Flowers of Vietnam.
They bloom in the mountains and by the sea,
in tiny villages and cities.
Delicate, scented, their skin like orchid petals,
hair blacker than a moonless night.
Deep brown almond eyes tell you nothing,
as you stare into them through the faded
light of a dingy bar.
Pressing her against the flimsy wall next to the
well-worn entrance to her room, all you can see
is your lust reflected in them.
Do you want to stare into eyes that have gazed
dispassionately into those of a thousand other men?
You’ll never look into the eyes of the woman planting rice
in the paddy. Her slender body will only yield to the rhythm
of her work, as she picks and plants in the muddy waters.
The water is poisoned.
The land, a battleground for centuries is degraded,
vibrating with the tread of foreign, booted feet
and clank of metal tracks. The thump of artillery
has taken over from the harmony of nature.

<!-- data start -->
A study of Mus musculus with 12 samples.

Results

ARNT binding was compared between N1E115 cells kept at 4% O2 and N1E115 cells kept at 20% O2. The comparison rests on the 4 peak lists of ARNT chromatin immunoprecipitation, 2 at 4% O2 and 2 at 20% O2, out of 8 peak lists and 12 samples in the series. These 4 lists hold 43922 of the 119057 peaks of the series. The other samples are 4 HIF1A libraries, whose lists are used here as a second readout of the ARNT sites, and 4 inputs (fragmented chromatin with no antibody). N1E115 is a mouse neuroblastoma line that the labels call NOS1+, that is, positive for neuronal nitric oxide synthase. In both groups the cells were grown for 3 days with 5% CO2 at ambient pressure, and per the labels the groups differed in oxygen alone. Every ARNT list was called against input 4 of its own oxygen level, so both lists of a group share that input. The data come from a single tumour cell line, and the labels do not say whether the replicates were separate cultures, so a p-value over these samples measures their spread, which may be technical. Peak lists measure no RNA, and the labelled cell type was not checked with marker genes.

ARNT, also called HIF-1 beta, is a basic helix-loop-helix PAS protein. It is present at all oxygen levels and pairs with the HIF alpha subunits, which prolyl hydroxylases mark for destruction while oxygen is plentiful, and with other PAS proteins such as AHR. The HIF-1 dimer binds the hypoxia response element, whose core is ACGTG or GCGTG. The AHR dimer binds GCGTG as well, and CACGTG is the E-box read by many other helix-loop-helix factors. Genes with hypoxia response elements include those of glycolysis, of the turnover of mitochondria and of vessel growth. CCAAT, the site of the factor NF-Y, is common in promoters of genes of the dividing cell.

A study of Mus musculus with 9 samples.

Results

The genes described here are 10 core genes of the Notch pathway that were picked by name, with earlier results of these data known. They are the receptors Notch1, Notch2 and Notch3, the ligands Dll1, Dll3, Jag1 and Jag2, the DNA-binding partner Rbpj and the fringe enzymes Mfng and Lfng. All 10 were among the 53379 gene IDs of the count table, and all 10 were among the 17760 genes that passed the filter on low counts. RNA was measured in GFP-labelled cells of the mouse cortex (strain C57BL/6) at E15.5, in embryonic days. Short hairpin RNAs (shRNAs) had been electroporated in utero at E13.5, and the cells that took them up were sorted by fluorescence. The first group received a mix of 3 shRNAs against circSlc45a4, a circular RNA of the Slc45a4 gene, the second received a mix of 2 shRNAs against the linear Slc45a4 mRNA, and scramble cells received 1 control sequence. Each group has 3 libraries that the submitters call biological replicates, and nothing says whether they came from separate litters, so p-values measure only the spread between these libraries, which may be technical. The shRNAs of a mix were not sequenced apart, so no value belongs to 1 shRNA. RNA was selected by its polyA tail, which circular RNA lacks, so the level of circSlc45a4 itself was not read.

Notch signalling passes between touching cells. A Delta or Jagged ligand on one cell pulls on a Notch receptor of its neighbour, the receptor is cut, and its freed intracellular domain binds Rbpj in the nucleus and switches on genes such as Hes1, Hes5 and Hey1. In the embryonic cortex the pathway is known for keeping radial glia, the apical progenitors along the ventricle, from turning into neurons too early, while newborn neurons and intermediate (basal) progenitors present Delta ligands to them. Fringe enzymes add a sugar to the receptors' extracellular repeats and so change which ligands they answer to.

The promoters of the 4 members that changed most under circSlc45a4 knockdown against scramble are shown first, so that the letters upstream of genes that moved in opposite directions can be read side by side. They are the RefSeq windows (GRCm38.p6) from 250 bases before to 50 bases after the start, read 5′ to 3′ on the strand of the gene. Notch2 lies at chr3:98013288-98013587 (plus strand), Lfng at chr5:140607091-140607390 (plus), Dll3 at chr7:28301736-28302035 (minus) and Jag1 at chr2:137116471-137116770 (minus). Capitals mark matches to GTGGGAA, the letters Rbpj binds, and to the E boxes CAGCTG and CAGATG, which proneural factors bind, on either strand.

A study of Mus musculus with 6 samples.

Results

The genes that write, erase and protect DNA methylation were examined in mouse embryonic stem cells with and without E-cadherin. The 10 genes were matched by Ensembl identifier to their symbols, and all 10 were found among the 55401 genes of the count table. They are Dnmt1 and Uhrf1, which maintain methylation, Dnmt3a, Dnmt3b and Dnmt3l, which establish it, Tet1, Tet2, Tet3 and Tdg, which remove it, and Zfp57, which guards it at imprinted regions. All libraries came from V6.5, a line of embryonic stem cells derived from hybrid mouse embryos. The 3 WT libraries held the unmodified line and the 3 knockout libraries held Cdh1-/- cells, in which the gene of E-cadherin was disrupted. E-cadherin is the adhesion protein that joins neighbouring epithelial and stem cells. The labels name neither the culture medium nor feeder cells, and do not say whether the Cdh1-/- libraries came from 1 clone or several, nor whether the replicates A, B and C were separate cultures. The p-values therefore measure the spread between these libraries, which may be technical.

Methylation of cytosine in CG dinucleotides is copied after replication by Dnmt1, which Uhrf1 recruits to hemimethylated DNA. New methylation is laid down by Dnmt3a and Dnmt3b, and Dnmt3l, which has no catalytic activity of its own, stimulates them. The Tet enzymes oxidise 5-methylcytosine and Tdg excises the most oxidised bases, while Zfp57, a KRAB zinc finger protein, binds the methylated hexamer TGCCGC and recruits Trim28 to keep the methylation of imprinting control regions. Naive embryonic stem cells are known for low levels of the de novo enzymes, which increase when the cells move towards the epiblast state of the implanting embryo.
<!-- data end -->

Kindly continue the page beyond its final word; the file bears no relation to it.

Life goes on.
Pausing in her work she raises her head
lifting the brim of her straw hat.
The men catch a glimpse of her face as they pass,
blank, unreadable. She knows their thoughts,
aware of what they want to do to her.
Lowering her head she smiles.
The sun will set over the far mountains soon
and she well knows where her rifle lays in the weeds.
Laurie Smith© 2013
Disclaimer for the photo. I took this picture in Vung Tau, the woman walked past and I was overawed by her beauty. She looked neither left or right and I felt like an invisible observer. I am using it here only to illustrate the poem, who was she, what did she do? I don’t know , only that she is/was a fine photographic subject.